Hacking tools have been available for public download and consumption for many decades. Many of which are open source in nature, does not cost users a dime and can be learned by just trying the program. These so-called hacking tools are categorized, some used for network penetration, memory snapshots and others for extracting password hashes.
However, there are times that a super tool gets released publicly that covers many functions that were only featured in various tools combined. Named L0rdix, this malware-powered new tool written using .NET designed for the power user and the curious folks of the cybercriminal community is available for sale.
“L0rdix, currently available for purchase in underground forums, is aimed at infecting Windows-based machines, combines stealing and cryptocurrency mining methods, can avoid malware analysis tools and is designed to be a universal “go-to” tool for attackers. Indicators suggest the tool is still under development and we expect to encounter more sophisticated versions,” said Ben Hunter, EnSilo’s Malware Intelligence Analyst.
Compared to other malware similar to the nature of L0rdix, it is developed to behave as incompatible when running in a virtual machine. It has a functionality detect if it is running in a virtual machine and will terminate. “L0rdix goes to great lengths to avoid being executed in virtual environments and analyzed by common malware analysis tools. While employing simple checks such as scanning for common monitoring tool names, such as “procmon” , it also uses WMI queries and registry keys to search for strings that indicate being run under a virtual environment. The less common checks made by L0rdix include searching processes that load sbiedll.dll which belongs to the Sandboxie product, aspiring to increase its chances to avoid running in simple free virtual environment tools,” explained Hunter.
With this, researchers need to set up a spare machine, real hardware in order to test L0rdix’s behavior. Security researchers usually use virtual machines as their honeypots when it comes to testing malware, which is cleverly bypassed by the L0rdix malware, thanks to this new behavior. The malware uses fundamental Windows-based functionalities such as WMI (Windows Management Instrumentation) in order to interface and understand the hardware which it is currently running at. With a USB-infecting module, it can also propagate through USB flash drives, hence an air-gapped machine is not immune to infection.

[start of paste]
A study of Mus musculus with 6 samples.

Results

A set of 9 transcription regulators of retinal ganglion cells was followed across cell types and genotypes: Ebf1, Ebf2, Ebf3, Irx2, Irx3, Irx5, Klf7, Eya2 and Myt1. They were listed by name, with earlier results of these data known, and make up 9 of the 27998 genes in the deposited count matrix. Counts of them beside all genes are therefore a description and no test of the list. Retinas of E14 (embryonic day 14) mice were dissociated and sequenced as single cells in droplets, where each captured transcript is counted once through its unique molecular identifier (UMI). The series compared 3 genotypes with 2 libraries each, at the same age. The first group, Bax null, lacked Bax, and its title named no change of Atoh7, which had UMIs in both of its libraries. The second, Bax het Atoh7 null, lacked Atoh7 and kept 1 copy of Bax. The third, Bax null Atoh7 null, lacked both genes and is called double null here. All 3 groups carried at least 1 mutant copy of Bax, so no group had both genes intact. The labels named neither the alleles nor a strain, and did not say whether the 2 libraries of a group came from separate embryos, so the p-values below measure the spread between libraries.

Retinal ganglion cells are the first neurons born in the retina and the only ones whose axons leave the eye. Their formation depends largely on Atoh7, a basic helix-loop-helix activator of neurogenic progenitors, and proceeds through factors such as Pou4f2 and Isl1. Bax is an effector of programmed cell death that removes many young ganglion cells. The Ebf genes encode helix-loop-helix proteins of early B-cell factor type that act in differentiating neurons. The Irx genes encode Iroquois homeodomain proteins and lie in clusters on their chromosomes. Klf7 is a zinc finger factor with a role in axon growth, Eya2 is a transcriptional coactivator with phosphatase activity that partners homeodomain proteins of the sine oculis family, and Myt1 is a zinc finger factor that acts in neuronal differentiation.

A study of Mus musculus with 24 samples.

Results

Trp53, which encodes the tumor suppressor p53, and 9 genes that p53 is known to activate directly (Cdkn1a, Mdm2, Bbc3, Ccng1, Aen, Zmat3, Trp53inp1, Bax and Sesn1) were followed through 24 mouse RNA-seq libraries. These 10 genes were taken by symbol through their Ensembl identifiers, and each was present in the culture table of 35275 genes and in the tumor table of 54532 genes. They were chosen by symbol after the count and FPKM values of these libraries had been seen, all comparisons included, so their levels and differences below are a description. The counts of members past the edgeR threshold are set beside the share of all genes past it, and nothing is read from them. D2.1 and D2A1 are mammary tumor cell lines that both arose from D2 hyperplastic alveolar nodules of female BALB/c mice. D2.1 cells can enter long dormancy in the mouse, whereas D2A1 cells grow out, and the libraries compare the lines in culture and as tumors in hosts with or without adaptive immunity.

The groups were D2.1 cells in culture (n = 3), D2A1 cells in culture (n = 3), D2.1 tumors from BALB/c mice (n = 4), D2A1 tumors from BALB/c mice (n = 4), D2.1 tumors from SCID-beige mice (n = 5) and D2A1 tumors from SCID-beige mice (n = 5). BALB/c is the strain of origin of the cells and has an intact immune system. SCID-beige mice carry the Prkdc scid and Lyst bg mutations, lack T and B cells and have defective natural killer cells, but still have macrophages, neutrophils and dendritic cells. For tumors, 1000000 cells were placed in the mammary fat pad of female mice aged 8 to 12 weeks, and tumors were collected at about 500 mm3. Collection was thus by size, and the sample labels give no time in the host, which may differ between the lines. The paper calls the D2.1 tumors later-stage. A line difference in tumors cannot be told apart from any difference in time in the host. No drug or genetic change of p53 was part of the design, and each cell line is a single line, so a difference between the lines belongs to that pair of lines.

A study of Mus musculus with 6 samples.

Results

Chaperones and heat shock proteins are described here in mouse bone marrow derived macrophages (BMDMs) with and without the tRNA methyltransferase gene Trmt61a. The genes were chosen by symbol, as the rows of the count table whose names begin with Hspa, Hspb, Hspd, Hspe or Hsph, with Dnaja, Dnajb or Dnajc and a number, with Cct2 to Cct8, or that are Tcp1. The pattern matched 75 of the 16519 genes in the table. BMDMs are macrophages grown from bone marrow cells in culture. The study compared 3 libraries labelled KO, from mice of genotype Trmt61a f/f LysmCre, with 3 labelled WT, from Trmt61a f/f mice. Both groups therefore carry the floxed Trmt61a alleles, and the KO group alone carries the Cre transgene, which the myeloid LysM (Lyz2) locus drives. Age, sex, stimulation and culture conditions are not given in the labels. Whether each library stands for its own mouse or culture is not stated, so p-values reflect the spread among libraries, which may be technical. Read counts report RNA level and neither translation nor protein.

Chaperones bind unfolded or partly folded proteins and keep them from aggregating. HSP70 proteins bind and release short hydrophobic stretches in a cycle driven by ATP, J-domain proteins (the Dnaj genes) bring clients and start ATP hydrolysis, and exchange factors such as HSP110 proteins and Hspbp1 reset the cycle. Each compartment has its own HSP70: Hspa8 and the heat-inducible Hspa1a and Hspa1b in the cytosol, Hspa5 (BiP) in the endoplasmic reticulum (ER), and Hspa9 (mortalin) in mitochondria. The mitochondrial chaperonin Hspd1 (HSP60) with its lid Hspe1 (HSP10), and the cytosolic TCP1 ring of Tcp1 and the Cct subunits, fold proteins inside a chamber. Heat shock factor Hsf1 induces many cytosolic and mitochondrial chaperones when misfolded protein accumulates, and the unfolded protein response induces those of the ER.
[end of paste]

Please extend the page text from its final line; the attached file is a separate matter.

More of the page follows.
“The USB infecting module, which maps all the connected removable devices and for each file and directory it changes their attributes to hidden and copies itself with their name and icon instead. All of this is done to make sure that the malware will execute by the user double-clicking it on another machine. The configurations file contains a list of tuples of (name, location) which L0rdix will copy itself to,” emphasized Hunter.
At the moment, here are the known sub-modules of L0rdix:
L0rdix is expected to be refined by its author, to hold more functionalities than the previous version. “While it’s very easy to notice that most of the effort was put into evading virtual environments and analysis tools along with implementing the stealing module, L0rdix still presents unfinished modules and weak implementation details such as simple encryption or simple data handling between the server and the client. Those indicators might suggest that the tool is still under development. We can expect to see more sophisticated versions of L0rdix in the future or the indicators are evidence of an inexperienced malware author,” concluded Hunter.